Visiting Canada is, in many ways, like coming home. It’s full of familiarity – just as familiar as pulling up to your front curb and walking down the path to your own front door. Everything is just where it should be. Until you reach up to turn the knob on the front door and find that someone has replaced your round knob with a lever (this happened to me once). From then on, everything makes you feel slightly out of balance. In Canada, it’s the plastic feel of the money and the very interesting accent of your waiter that keep you grounded in the fact that you’re not in Kansas anymore (or, in my case, Colorado).
But, really, what is there not to love about Canada? From spectacular landscapes to wide-open, uncongested freeways, free health care, maple candies and ice wine. Canadians might complain about the low value of their dollar compared to the US dollar, or about long winters…but, hey, wanna trade – our president for your prime minister?
I spent the last week in Canada for a short break from the rising summer heat and non-stop US political insanity. I’ve only visited our northern neighbor once before, for a conference in Vancouver in 2014. To get there, I flew via Calgary, over the Canadian Rockies. I remember gazing out of my airplane window at roads winding through towering, jagged peaks and wondering what it would be like to drive through that maze of mountains.
Banff is the hub for most people visiting the Canadian Rockies. But at this time of the year (maybe at all times of the year) it’s difficult to find lodging there. Canmore, however, is only about 20 minutes away and was wide open. In the end, I’m really glad we stayed in Canmore. Unless you’re a Nordic ski fan, this community might be off your radar – but that’s what makes it great! While Banff is inundated daily by busloads of tourists, Canmore feels, at times, a bit dead in comparison. But the town has great restaurants and shops, it’s encircled by a magnificent array of peaks, and is riddled with a network of walking and cycling trails that run in and around the Bow River. If you’re really ambitious, you can cycle on a paved trail all the way to Banff (it would be uphill, just to warn you!)
Canmore’s claim to fame is that it hosted the Nordic ski events in the 1988 winter Olympics. It’s also a premier training spot for Canadian skiers. But unlike other places I’ve been to that have hosted Olympics (I’m thinking of Squaw Valley, CA, when I was a kid), Canmore is rather modest. You won’t know they hosted the Olympics unless you drive right up to the Nordic Center, where you’ll see a note about it on their welcome sign. You will also see the ‘cauldron’ that hosted the Olympic flame – unlit – next to the parking lot.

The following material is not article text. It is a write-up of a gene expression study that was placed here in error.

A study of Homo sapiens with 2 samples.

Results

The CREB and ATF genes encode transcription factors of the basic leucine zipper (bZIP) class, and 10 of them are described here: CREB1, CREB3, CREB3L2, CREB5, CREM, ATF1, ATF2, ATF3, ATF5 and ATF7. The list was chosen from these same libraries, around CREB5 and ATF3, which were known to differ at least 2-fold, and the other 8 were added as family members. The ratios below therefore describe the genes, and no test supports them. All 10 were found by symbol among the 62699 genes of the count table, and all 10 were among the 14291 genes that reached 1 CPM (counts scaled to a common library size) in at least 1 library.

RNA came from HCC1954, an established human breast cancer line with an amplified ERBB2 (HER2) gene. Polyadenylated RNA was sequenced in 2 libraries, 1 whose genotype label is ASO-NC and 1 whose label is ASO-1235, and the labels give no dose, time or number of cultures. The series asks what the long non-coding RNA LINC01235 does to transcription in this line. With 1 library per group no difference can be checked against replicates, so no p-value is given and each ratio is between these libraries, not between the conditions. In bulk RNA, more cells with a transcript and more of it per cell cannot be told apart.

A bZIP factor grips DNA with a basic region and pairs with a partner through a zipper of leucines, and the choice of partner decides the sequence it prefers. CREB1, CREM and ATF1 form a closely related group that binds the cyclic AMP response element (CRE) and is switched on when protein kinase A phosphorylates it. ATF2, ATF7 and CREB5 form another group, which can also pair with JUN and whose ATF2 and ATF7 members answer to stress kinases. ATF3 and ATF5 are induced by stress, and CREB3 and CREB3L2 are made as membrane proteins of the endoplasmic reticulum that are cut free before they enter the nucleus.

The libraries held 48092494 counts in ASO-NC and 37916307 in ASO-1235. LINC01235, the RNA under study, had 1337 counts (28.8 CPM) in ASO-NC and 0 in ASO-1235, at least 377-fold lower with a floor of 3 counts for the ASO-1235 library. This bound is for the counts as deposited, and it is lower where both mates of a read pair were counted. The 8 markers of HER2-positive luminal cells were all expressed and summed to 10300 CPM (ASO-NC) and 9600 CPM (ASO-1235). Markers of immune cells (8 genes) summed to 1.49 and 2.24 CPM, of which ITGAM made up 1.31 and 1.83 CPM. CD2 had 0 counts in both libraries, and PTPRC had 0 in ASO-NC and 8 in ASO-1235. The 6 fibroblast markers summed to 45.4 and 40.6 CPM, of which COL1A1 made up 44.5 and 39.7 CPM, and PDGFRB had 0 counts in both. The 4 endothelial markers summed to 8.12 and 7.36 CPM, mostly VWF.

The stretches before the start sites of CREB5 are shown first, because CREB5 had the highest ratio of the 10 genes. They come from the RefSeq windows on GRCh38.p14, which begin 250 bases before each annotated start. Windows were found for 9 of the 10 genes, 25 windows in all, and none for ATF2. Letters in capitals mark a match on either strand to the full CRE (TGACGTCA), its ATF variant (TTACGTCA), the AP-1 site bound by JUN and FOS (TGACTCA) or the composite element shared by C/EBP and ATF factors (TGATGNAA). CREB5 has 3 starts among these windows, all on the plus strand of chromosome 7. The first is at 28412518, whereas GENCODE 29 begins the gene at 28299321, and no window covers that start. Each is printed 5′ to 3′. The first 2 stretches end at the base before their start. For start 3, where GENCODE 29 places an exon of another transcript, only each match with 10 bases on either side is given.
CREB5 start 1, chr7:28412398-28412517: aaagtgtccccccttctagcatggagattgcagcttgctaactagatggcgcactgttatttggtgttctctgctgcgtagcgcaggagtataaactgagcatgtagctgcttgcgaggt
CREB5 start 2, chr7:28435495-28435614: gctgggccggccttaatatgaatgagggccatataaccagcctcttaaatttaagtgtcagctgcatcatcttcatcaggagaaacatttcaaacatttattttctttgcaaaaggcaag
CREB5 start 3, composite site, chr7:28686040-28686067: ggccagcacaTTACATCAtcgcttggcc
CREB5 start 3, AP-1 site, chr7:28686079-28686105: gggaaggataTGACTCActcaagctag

The Nordic Center is a Holy Land if you’re a skier, and my traveling companion (who prefers to remain anonymous) was in heaven. You’re thinking: But what do you do at a Nordic ski center without snow? Actually, a lot. The trails are open for running and hiking. The center has several set orienteering courses through the woods, a frisbee golf course, paved trails for roller-skiing, and mountain biking clinics.
What I’m calling ‘Summer Hike #3’ is actually a long walk and a short orienteering course I did in and around Canmore. We arrived the day after a spring storm had dusted the peaks with fresh snow – the air was crisp and cool, and perfect for walking or running. I spent my time exploring trails near the town center and along the Bow River, gawking at some of the spectacular views. That was followed by an orienteering up at the Canmore Nordic Center the next day.
I should mention – especially if you’re thinking of heading up to the Canadian Rockies at some point – that you will probably see a bear. The mountains and parks are full of both black bears and grizzlies. I have to admit, this produced a bit of trepidation about hiking around at Canmore Nordic and in Banff National Park. The recommendation is to carry bear spray and make lots of noise while you hike (bear bells won’t cut it). Bear spray is basically a type of pepper spray, and technically a weapon – so you have to buy it when you get to Canada – and leave it there if you’re catching a flight.
Of course, if you’re going to use this stuff, you have to be ready…So after acquiring this bottle, we had a round of ‘quick-draw’ practice in the Canmore Nordic parking lot. They actually sell holsters to wear it along your waist, although I kept it in the water bottle holder along the side of my backpack. I’m not sure how quickly I could get it out of there under stress. Fortunately, I didn’t have to put that to the test.
And I know you’re wondering…
…the only bears we saw were from the safety of our car. I was quite happy from that vantage point. I had enough bear experiences for a lifetime while backpacking in California when I was younger (other stories, for other days – but this may serve to remind some readers of this blog of those California black bears – who really enjoyed people-food and toilet paper).